There are three macronutrients that are needed by the human body. They’re called macronutrients because one requires a large amount of these substances in order to perform at its best. One of the three core macronutrients is protein.
Protein is essential because it builds muscle mass and it helps in the repair of damaged tissue. Did you know that protein pretty much makes up every cell in your body? Yep, it is that important. It is needed for your hair, nails, bones, skin, blood, tissue, and cartilage. It is important for your entire body so that your normal bodily functions are regulated and maintained. This is why protein is considered as one of life’s building blocks. Having a protein-rich diet allows you to build lean muscle, curb your hunger, maintain your healthy weight, and speed up your body's recovery after exercising.
So how do we get more protein? The best way is from the food we eat.
It is recommended by the UDSA that 10% to 35% of the calories from our diet should come from protein. Your body would need around 56 grams although this could change depending on your weight, workout regimen, gender, and lifestyle. Meat, poultry, fish and dairy are perhaps the most common sources, but do you know that you don't have to eat meat to get your recommended daily protein intake? All you need to know are the different foods that can supply you with your daily need.
Here are 6 foods that are surprisingly high in protein.
Guava is a tropical fruit that originated in Central America. For just a cup of this fruit you get 4 grams of protein. This fruit is also a good source of Vitamin A which promotes general eye health. It contains a powerful antioxidant called lycopene that is known to reduce the risk of cancer and it is high in Vitamin C which helps the body in building resistance against diseases.
- Green Peas
Your parents were not kidding when they used to tell you that peas are healthy when you were younger. A cup of peas has in fact more protein content than a cup of spinach. Aside from getting 8 grams of protein from a cup, the presence of antioxidants and anti-inflammatory properties in this vegetable could lower your risk of developing inflammatory diseases like arthritis and diabetes. Green peas are also a reliable source of omega 3-fatty acids.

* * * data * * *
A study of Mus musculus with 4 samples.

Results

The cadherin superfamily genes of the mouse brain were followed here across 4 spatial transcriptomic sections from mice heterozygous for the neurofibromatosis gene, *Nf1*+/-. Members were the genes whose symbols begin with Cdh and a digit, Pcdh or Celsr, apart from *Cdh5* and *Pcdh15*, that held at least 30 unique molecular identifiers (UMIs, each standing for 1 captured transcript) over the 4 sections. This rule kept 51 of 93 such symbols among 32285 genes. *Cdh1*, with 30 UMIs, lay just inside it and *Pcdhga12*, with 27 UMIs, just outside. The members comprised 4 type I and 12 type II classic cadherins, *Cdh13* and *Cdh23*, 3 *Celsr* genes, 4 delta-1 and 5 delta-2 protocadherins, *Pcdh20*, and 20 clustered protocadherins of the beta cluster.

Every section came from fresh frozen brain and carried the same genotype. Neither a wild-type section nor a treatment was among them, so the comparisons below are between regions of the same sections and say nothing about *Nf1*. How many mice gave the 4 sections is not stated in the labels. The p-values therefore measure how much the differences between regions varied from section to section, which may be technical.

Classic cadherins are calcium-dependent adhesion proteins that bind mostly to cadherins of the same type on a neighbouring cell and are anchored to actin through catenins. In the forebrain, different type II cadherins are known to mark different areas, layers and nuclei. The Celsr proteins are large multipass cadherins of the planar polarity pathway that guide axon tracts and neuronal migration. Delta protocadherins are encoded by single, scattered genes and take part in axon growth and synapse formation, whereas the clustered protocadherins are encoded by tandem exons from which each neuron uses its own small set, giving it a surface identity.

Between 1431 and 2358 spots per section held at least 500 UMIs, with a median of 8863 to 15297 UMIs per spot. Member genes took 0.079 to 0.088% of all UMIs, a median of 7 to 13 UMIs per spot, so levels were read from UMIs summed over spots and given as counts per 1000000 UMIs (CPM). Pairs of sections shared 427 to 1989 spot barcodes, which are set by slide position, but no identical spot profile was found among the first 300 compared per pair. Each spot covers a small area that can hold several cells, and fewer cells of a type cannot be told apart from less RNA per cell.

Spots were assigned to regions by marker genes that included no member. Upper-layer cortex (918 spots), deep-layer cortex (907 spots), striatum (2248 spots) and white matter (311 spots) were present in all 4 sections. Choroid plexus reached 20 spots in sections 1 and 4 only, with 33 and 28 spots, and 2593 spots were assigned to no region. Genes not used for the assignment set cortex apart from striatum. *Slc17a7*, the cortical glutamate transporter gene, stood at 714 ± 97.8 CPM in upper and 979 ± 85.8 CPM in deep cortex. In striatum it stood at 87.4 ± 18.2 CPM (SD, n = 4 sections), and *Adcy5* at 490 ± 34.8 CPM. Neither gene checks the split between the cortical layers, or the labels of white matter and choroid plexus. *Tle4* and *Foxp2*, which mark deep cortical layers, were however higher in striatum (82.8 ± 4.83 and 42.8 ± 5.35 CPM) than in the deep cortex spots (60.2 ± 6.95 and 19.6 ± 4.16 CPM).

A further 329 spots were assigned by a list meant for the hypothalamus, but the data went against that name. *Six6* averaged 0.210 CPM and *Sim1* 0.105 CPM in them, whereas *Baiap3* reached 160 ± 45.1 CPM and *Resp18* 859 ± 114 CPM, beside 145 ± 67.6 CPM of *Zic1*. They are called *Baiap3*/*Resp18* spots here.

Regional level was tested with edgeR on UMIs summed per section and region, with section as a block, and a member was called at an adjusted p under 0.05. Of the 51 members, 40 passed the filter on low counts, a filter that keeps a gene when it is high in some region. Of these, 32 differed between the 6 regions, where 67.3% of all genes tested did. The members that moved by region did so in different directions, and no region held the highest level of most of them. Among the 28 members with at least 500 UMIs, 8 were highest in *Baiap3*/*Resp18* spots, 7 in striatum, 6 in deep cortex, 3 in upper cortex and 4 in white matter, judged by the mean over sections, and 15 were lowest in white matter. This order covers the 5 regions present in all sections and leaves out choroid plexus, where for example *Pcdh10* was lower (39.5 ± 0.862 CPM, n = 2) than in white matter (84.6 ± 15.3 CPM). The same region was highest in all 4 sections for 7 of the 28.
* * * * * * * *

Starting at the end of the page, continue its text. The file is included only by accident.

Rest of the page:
- Baked Potato
You probably thought of potatoes when you needed to pack on carbohydrates. One thing that you should know is that this starchy vegetable is also packed with protein. You can get 8 grams of protein from a large baked russet potato or around 6-7 grams of protein from other types of potato with similar size.
Potatoes are a super healthy food. It is great for kids and adults and are easy to digest. They are also good for you skin because they contain Vitamins B & C and other minerals that promote skin health and essential fatty acids that promotes brain health.
An ounce or 49 kernels of Pistachio nuts can give you around 6 grams of protein. Aside from the protein content, pistachios are known to be rich in omega-3 fatty acids that help in reducing your risk of having heart disease. It also contains good fats that are essential in reducing your cholesterol levels.
We've all heard about the amazing benefits of quinoa and the amount of protein that you can get from this food is just one of them. A cup of cooked quinoa can give you more than 8 grams of protein, which is the same amount that you can get from drinking a cup of milk. You can even boost its protein content by adding meat, seafood, or vegetables like peas.
This is probably not the food that you would think of when it comes to protein content. You will be surprised that this healthy breakfast food is packed with protein. Half a cup of dry whole oats will give you around 6.75 grams of protein, quick oats contain around 5.5 grams and instant oats that you find at the grocery store can provide you with 4.75 grams. Oats are also rich in fiber which plays an important role in reducing the insulin and blood sugar levels. What’s even better is you can pack your oats with more nutrients by adding superfoods like blueberries or strawberries.
Over to you. Have you managed to find protein in unusual food sources? Do you find that you can get enough protein from food? Or do you need to use an additional protein powder? We would love to hear your experiences in the comments blow.
By: Shannon Kingsley
Shannon loves all things outdoors such as hiking, camping, and bike riding. After her second child, Shannon was left with large stretch marks and is now passionate about helping others prevent and help reduce their own stretch marks as well as reduce other skin spots & blemishes. She can be found at SkinHealthBody.com.